Issues in Old Testament Ethics

Kenneth J. Morgan

Over the centuries, many objections have been raised against the ethics of the Old Testament. Certain acts and events apparently allowed, commanded, or praised by God raise difficult questions concerning the ethical standards in the Old Testament, especially when compared with those promoted in the New Testament. Here are a few examples:

1. Were the midwives right to lie to pharaoh (Exod. 1:15-20)?

2. Was Rahab right to lie when she hid the spies (Josh. 2:1-6)?

3. What about God himself? Was it morally right for him to order the complete extermination of the Canaanites (Exod. 23:32-33; 34:12-16; Deut. 7:1-5; 20:15-18)?

4. Did God instruct Samuel to lie when he went to anoint David (1 Sam. 16:1-3)?

5. Is poligamy sanctioned in the Old Testament (e.g., Jacob and David)?

6. What are we to make of the imprecatory Psalms (e.g., 35, 69, 109)? Do these represent godly attitudes according to the New Testament?

There are many questions such as these originating in the Old Testament. The papers we present on our Ethics of the Old Testament Page address these issues in varying degrees of detail.

The most comprehensive paper we have posted, "The Ethics of the Old Testament," by William Benton Greene, responds to most of these objections. It was originally published in the Princeton Theological Review, XXVIII (1929), pp. 316-66. We have taken this paper from a collection of essays compiled by Dr. Walter C. Kaiser, Jr., one of my former professors at Trinity Evangelical Divinity School: Classical Evangelical Essays in Old Testament Interpretation (Grand Rapids: Baker Book House, 1972). Indeed, the essays in this book are classics, milestones of interpretation. They deal with important topics in all the major sections of the Old Testament: the Pentateuch, the historical books, the poetical books, and the prophetical books.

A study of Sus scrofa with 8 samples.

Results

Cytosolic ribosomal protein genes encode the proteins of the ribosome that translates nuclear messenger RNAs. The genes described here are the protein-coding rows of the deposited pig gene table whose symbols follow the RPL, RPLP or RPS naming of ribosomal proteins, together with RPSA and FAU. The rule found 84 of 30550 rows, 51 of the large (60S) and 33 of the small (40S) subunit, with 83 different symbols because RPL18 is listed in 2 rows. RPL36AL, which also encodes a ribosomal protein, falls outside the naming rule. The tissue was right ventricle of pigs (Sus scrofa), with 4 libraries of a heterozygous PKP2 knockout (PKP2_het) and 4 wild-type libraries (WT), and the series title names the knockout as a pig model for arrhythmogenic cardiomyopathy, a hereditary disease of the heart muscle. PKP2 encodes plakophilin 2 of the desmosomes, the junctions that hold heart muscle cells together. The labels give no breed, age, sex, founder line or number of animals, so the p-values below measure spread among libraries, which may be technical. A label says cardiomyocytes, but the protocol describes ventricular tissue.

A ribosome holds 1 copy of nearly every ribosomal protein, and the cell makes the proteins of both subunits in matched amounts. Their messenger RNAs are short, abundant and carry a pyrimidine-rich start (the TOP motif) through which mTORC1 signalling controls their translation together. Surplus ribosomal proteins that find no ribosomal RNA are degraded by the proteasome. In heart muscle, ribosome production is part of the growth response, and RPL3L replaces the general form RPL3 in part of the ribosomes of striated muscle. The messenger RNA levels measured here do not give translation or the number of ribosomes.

Dr. Kaiser has a bibliography of more modern works at the end of most of the articles. Also, although Greene's article addresses the imprecatory Psalms, Kaiser also includes another entire essay on this particular subject, "Imprecations in the Psalms" by Chalmers Martin.

The next two papers both address lying. Perhaps the most common question is whether Rahab was right to lie about the two spies she had hidden. However, these two articles address perhaps even a more interesting case. Did the Lord actually instruct Samuel to lie? Graham Gilmer has perhaps one of the best solutions to the problem. John Murray, of course, is a scholar of the highest order and also makes a very good point.

For those who want to pursue these issues further, two books by Dr. Norman Geisler are recommended.

In Kaiser's annotated bibliography at the end of Greene's paper, he cites one of Dr. Geisler's books on the subject of ethics, Ethics: Alternatives and Issues (1971), stating that it is "a supurb evangelical treatment which adopts the position of ethical hierarchicalism."

There are basically three views taken by Christian scholars on the subject of ethics. All three believe in the existence of moral absolutes, as opposed to various forms of situation ethics or relativism. In a rather philosophical approach, Dr. Geisler defines and discusses these three approaches to ethics in his later book, Options in Contemporary Christian Ethics (1981).

1. Geisler's own view, as in his earlier book, argues that there is a hierarchy within the moral laws. Moreover, moral laws can come into conflict, and some have more weight than others, which determines the right (sinless) course to take in such a situation.

2. John Murray, author of another book in Kaiser's bibliography, argues that there are moral absolutes that admit of no exceptions, and they never come into conflict with one another in any situation. Therefore, in this view too, sin can always be avoided.

3. The third view argues that moral conflicts are possible, and in such a case, one is guilty no matter which choice he makes.